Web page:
My little girl is visually impaired and learning impaired. She wears thick, pop bottle-bottomed glasses that make her beautiful brown eyes appear ten times their normal size. She is a head shorter than the other children her age, and is fragile and frailly built. She attends special classes at school – those that help her learn the way she learns, not the way the rest of the “normal” children learn.
Although she tries hard every day to be a good friend to everyone, her impairments cloud their judgements, and she is teased and ostracized. She is not given a chance to prove what a wonderful little girl she is. Unfortunately, most children’s “first impressions” are visual, and my little one appears different at first glance.
She has two friends who play with her occasionally, but even they are swayed by the gang mentality at times, running from her on the playground if one of the popular kids “catches” them playing with my child, the outcast.
Because her heart must break on a daily basis, as her mom, so does mine. I fear she may never come to know the true meaning of friendship, since the examples shown her recently have not been stellar. I worry that her heart will become cold. I wonder if bitterness and resentment will be the result of her socialization in a world of children who can’t accept her limitations.
Although she plants her feet and screams that she doesn’t want to go to school each and every day to face the insanity that is her little life, she eventually finds the courage to take my hand and lead me into the den of fire she must face. With a tear in her eyes and a deep breath, she waves goodbye to me at the school’s door, and I return home to hug her Mr. Bear, smell her scent on his fur, and pray for this child whom I ask God to protect and make an instrument of His love.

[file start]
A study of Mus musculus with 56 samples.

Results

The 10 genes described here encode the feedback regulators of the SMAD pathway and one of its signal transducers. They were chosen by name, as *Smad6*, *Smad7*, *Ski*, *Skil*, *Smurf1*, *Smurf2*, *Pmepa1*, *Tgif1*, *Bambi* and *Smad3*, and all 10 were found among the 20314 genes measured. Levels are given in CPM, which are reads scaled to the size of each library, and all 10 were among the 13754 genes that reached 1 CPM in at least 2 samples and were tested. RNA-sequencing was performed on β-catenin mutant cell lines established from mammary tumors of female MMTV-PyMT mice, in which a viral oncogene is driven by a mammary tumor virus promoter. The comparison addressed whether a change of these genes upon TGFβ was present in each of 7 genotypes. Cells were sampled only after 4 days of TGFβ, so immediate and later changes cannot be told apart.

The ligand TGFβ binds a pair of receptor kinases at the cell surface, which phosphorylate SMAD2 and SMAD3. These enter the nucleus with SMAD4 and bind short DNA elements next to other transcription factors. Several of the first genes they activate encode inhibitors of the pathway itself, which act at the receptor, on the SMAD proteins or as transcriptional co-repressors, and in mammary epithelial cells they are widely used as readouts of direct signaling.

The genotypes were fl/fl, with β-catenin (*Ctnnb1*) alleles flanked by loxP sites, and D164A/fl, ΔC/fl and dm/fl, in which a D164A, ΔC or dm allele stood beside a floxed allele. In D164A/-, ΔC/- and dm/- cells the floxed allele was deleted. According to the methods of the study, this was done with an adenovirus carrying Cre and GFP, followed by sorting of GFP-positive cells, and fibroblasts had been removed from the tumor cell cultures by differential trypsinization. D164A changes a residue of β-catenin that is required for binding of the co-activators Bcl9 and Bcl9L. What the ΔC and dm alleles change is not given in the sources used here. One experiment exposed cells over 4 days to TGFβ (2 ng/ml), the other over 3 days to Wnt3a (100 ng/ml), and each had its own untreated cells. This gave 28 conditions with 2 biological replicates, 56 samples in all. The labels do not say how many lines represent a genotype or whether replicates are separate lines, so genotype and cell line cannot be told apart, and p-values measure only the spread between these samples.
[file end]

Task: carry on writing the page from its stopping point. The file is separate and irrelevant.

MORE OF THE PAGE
Thrilled to be released from her miniature prison, she comes home smiling every day, never failing to give me a hug of relief and a handmade letter or card that simply says, “I luv yoo, Moomy!” Since I can see her brilliance and radiance in her heart from a mile away, I don’t understand how children, who are supposed to be altruistic and see the best in everyone, are blinded to the sunshine in my baby just because of her awkwardness.
Every day for the past few years, before the sun rises, I get on my knees and ask God to help her. “Please, Lord,” I cry, “send your angels to watch over my girl. Remind her of Your never-ending love when she feels most alone. Touch your healing hand to her broken heart when she feels most hurt. Build her up with your assurance when she feels most defeated. Lord, help me to help her find her way in a place where her path is so defiled by ignorance. And finally, forgive the children, Lord, for they know not what they do.”
Each night, after reading to my little daughter, we hold hands and pray. Last night, God spoke to me through my daughter’s prayers, as I heard my own prayers echoed through her sweet lips. It took everything I had not to cry as I heard her whisper in sincere reverence, “God bless those who purposely leave me out and ignore me, and those who don’t really know me and call me names. They are the ones who need You the most. Help me to help them. Amen.”
Now I know why my child comes home smiling: She has not learned of bitterness, but of forgiveness. She has not learned to live in fear, but in confidence of The Master’s love for her. She has not accepted her limitations but has learned to rise above them. She has not learned to hate those who would persecute her, but has learned that the power of prayer is a healing thing, more powerful than any handicap.
And I have learned to let go and let God continue to be there in my place, protecting her from the enemy at every turn. So this morning, instead of turning around and crying as she made her way through the school’s doorway, I rejoiced.
If you enjoyed this essay, please consider making a tax-deductible contribution to This I Believe, Inc.